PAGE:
Chair of Theoretical Chemistry and Catalysis Research Center, Technische Universität München;
Theory, Fritz Haber Institute, Max Planck Society;

Theory, Fritz Haber Institute, Max Planck Society;


Hörmann, N., & Reuter, K. (2021). Thermodynamic Cyclic Voltammograms Based on Ab Initio Calculations: Ag(111) in Halide-Containing Solutions. Journal of Chemical Theory and Computation, 17(3), 1782-1794. doi:10.1021/acs.jctc.0c01166.


Cite as: http://hdl.handle.net/21.11116/0000-0008-1F7D-B
Abstract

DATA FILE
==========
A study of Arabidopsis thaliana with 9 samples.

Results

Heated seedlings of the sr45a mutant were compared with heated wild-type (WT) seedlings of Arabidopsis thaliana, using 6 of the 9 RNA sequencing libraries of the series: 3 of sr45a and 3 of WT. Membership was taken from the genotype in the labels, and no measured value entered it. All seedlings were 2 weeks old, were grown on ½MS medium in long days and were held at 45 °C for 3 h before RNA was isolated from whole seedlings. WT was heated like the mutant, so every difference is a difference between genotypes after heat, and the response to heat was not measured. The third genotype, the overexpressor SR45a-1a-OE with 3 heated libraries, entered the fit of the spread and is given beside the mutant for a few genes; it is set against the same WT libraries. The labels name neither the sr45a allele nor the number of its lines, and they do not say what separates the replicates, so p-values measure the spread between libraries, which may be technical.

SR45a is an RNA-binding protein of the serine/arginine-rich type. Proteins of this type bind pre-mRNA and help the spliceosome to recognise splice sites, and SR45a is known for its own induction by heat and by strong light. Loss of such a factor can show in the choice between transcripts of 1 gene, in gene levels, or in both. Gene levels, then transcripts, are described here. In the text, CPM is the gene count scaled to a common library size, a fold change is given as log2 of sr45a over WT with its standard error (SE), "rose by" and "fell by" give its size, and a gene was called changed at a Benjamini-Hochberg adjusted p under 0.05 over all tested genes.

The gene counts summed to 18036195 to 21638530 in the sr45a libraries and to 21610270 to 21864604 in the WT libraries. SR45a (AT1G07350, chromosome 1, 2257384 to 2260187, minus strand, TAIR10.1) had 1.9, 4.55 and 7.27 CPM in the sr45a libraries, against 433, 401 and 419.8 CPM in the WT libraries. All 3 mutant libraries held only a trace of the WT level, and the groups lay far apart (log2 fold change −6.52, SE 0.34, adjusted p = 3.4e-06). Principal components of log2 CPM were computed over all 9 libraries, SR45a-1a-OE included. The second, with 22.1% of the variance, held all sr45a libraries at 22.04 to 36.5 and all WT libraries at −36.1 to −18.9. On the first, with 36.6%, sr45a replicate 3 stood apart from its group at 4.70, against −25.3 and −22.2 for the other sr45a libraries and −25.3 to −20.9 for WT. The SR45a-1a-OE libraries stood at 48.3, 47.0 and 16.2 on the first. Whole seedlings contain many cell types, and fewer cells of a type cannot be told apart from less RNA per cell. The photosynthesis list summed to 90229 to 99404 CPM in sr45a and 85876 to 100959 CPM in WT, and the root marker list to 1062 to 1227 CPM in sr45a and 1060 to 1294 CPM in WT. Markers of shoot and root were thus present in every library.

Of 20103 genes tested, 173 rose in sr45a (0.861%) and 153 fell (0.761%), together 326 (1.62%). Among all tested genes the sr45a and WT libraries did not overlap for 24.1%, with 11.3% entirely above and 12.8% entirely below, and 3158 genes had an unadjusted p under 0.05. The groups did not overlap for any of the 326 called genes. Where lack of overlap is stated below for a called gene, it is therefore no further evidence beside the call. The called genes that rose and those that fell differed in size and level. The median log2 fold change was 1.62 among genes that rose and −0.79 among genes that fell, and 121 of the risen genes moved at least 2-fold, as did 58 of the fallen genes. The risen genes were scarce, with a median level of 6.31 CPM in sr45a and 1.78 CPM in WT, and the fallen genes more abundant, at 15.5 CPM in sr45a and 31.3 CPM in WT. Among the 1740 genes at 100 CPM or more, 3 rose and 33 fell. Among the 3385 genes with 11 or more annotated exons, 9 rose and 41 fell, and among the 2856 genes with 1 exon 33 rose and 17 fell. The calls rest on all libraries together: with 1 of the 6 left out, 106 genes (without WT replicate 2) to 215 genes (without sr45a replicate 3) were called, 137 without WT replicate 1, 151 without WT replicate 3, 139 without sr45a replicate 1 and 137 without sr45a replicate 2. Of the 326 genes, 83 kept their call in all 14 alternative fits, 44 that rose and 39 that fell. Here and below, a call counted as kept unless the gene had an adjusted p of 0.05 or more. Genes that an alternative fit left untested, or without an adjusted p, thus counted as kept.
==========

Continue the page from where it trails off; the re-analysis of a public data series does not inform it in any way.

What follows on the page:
Cyclic voltammograms (CVs) are a central experimental tool for assessing the structure and activity of electrochemical interfaces. Based on a mean-field ansatz for the interface energetics under applied potential conditions, we here derive an ab initio thermodynamics approach to efficiently simulate thermodynamic CVs. All unknown parameters are determined from density functional theory (DFT) calculations coupled to an implicit solvent model. For the showcased CVs of Ag(111) electrodes in halide-anion-containing solutions, these simulations demonstrate the relevance of double-layer contributions to explain experimentally observed differences in peak shapes over the halide series. Only the appropriate account of interfacial charging allows us to capture the differences in equilibrium coverage and total electronic surface charge that cause the varying peak shapes. As a case in point, this analysis demonstrates that prominent features in CVs do not only derive from changes in adsorbate structure or coverage but can also be related to variations of the electrosorption valency. Such double-layer effects are proportional to adsorbate-induced changes in the work function and/or interfacial capacitance. They are thus especially pronounced for electronegative halides and other adsorbates that affect these interface properties. In addition, the analysis allows us to draw conclusions on how the possible inaccuracy of implicit solvation models can indirectly affect the accuracy of other predicted quantities such as CVs.